Sudan’s Bashir to visit Egypt as protesters call for more rallies

Sudan’s President Omar Al-Bashir waves to his supporters during a rally at the Green Square in Khartoum on January 9. (Reuters)
Updated 27 January 2019

Sudan’s Bashir to visit Egypt as protesters call for more rallies

  • Bashir’s visit to Cairo on Sunday will be his second trip abroad since deadly protests erupted at home on December 19

KHARTOUM: Sudanese President Omar Al-Bashir will travel to Cairo for talks with his Egyptian counterpart, state media reported Saturday, as protesters called for more nationwide demonstrations against his government.
Bashir’s visit to Cairo on Sunday will be his second trip abroad since deadly protests erupted at home on December 19.
On Wednesday, he met Qatar’s ruler Sheikh Tamim bin Hamad Al-Thani on a trip to the Gulf state.
“President Omar Al-Bashir will travel to Cairo on Sunday for a one-day visit,” Sudan’s official news agency SUNA reported.
“He will hold bilateral talks with Egypt’s President Abdel Fattah El-Sisi and also discuss regional issues that concern the two countries.”
Bashir’s visit was also confirmed by Sudan’s ambassador to Cairo, Mahmoud Abdel Halim.
Protests erupted in Sudan last month after a government decision to triple the price of bread.
The rallies swiftly mushroomed into nationwide calls for an end to Bashir’s three decades in power, as protesters clashed with security forces.
Officials say 30 people have died in the violence, while rights groups say more than 40 people have been killed including medics and children.
The Sudanese group that is leading the protest campaign has called for more rallies over the next few days, including night-time demonstrations on Saturday.
Bashir, who came to power in an Islamist-backed coup in 1989, has remained steadfast in rejecting calls to resign.
While the spark for the first protests was the rise of bread prices, anger has been mounting for years over worsening economic hardships and deteriorating living conditions in Sudan.
That ire has now spilt onto the streets as protesters chant their main slogan calling for “freedom, peace, justice.”
Bashir has blamed the economic woes on the United States.
Washington lifted its trade embargo on Sudan in October 2017 after two decades of bruising economic punishment, but that failed to revive the country’s financial situation.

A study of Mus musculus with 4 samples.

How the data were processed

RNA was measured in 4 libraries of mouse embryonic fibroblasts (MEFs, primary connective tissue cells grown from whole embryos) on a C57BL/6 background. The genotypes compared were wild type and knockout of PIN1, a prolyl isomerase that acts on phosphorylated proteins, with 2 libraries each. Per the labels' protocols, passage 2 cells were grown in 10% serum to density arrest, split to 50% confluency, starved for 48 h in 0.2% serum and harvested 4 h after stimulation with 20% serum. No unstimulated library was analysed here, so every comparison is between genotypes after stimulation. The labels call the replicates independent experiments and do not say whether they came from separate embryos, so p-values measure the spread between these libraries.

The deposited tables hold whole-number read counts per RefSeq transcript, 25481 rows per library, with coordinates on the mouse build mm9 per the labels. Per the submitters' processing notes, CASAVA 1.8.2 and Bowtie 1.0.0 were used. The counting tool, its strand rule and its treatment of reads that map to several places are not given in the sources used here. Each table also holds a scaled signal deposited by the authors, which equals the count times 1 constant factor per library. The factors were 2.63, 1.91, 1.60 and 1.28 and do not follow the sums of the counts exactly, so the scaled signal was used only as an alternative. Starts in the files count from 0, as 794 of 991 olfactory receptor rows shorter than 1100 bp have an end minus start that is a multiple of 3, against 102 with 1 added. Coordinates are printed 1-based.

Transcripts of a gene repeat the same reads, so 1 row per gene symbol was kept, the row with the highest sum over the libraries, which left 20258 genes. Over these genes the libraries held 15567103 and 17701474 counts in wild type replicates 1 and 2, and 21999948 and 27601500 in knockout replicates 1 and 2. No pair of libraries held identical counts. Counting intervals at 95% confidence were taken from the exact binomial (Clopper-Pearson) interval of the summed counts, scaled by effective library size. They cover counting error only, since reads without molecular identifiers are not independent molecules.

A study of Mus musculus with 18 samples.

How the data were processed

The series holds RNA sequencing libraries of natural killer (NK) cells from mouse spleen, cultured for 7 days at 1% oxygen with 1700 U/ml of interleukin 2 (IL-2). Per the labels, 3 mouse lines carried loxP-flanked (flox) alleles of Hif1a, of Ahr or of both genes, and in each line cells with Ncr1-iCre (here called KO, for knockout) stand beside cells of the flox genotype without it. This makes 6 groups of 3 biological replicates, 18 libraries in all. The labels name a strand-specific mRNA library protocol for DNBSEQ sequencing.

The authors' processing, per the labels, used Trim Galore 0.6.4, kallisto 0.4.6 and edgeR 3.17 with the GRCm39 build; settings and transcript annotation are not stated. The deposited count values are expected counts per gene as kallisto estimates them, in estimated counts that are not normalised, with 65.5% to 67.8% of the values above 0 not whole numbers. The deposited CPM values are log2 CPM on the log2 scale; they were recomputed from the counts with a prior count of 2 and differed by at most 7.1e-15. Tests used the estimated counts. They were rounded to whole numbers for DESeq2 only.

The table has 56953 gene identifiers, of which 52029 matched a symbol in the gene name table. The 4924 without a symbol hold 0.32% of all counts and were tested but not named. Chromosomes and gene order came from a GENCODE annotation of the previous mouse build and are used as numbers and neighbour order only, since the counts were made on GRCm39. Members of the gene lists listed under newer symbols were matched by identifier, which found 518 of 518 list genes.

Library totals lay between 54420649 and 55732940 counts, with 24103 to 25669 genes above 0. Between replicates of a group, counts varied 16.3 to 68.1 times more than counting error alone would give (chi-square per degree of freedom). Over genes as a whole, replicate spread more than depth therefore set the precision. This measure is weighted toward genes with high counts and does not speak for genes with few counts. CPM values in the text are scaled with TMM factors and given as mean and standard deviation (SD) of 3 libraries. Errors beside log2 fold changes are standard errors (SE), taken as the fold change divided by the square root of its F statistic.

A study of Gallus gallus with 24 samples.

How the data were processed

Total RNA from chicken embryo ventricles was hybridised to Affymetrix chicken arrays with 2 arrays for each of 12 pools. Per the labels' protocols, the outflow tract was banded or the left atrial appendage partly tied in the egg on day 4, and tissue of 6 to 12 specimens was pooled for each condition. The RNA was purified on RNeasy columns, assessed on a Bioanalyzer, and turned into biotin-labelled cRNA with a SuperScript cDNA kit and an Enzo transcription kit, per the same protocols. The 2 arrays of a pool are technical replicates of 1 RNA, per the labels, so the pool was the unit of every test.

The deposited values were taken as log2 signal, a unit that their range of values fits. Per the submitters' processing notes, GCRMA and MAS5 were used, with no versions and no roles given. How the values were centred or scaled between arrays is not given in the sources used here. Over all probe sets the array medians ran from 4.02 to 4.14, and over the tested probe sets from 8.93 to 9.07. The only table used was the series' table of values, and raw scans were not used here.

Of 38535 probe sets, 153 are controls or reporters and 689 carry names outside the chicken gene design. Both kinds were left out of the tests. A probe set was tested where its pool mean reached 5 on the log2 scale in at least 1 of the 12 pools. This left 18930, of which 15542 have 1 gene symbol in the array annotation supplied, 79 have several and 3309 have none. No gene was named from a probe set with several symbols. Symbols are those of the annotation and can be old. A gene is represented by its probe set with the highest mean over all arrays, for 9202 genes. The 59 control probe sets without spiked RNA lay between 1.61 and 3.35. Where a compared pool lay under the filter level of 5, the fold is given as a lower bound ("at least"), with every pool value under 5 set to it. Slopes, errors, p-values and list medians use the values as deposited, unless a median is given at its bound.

Experts say cash injections from the Gulf states, led by wealthy Qatar, have helped stave off economic collapse.
There was no announcement, however, of any financial assistance from Qatar for Bashir during his latest visit.
Egypt, which has deep historical ties with Sudan, has called repeatedly for stability in its southern neighbor.
“Egypt fully supports the security and stability of Sudan, which is integral to Egypt’s national security,” El-Sisi told a top Bashir aide who visited Cairo earlier this month.
Relations between Cairo and Khartoum had deteriorated sharply in 2017 over territorial disputes and accusations from Bashir that Egypt’s intelligence services were supporting opposition forces fighting his troops in the country’s conflict zones like Darfur.
But in recent months the two governments have ironed out their differences, with Sudan lifting a 17-month ban on Egyptian agricultural produce.


South Sudan says will host peace talks between Sudan and rebels

Updated 28 min 33 sec ago

South Sudan says will host peace talks between Sudan and rebels

  • Hamdok will meet rebel leaders from the Sudanese states of Darfur, South Kordofan and Blue Nile

JUBA: Sudanese Prime Minister Abdallah Hamdok will attend peace talks in the South Sudan capital Monday with rebel leaders from several Sudanese states, said official sources in Juba.
“Tomorrow’s meeting is to mark the launching of Sudan’s peace talks,” Ateny Wek Ateny, spokesman for South Sudan’s President Salva Kiir, told AFP Sunday.
Hamdok, who was only appointed in August in a deal between the army and the opposition, will meet rebel leaders from the Sudanese states of Darfur, South Kordofan and Blue Nile.
Kiir, who just a few weeks ago signed his own peace deal with rebel leader Riek Machar, offered to mediate between Sudan and the rebels back in November 2018.
This new set of talks follow a first round in September when both sides agreed on a road map for the negotiations.
This week’s meeting is intended to tackle the main issues, said Ateny.
Also attending will be Ethiopia’s Prime Minister Abiy Ahmed, who last week won the Nobel Peace Prize, Ugandan President Yoweri Museveni and Kenyan President Uhuru Kenyatta.
Their presence, said Ateny, was to give the talks more weight.
A senior Sudanese delegation arrived in Juba on Sunday.
The Sudanese delegation will meet Abdulaziz Al-Hilu, leader of the Sudan People’s Liberation Movement-North (SPLM-N), which is active in Bule Nile and South Kordofan states. Al-Hilu will lead the rebel delegation.
This new peace initiative comes after the fall of longtime Sudanese autocrat Omar Al-Bashir, who was toppled from power by the Sudanese military in April.
Prime Minister Hamdok has been tasked with leading Sudan back to civilian rule, but he has said he also wants to end the conflicts with the rebels.
Over the years, the rebels’ conflict with Khartoum have killed hundreds of thousands of people and forced millions to flee their homes.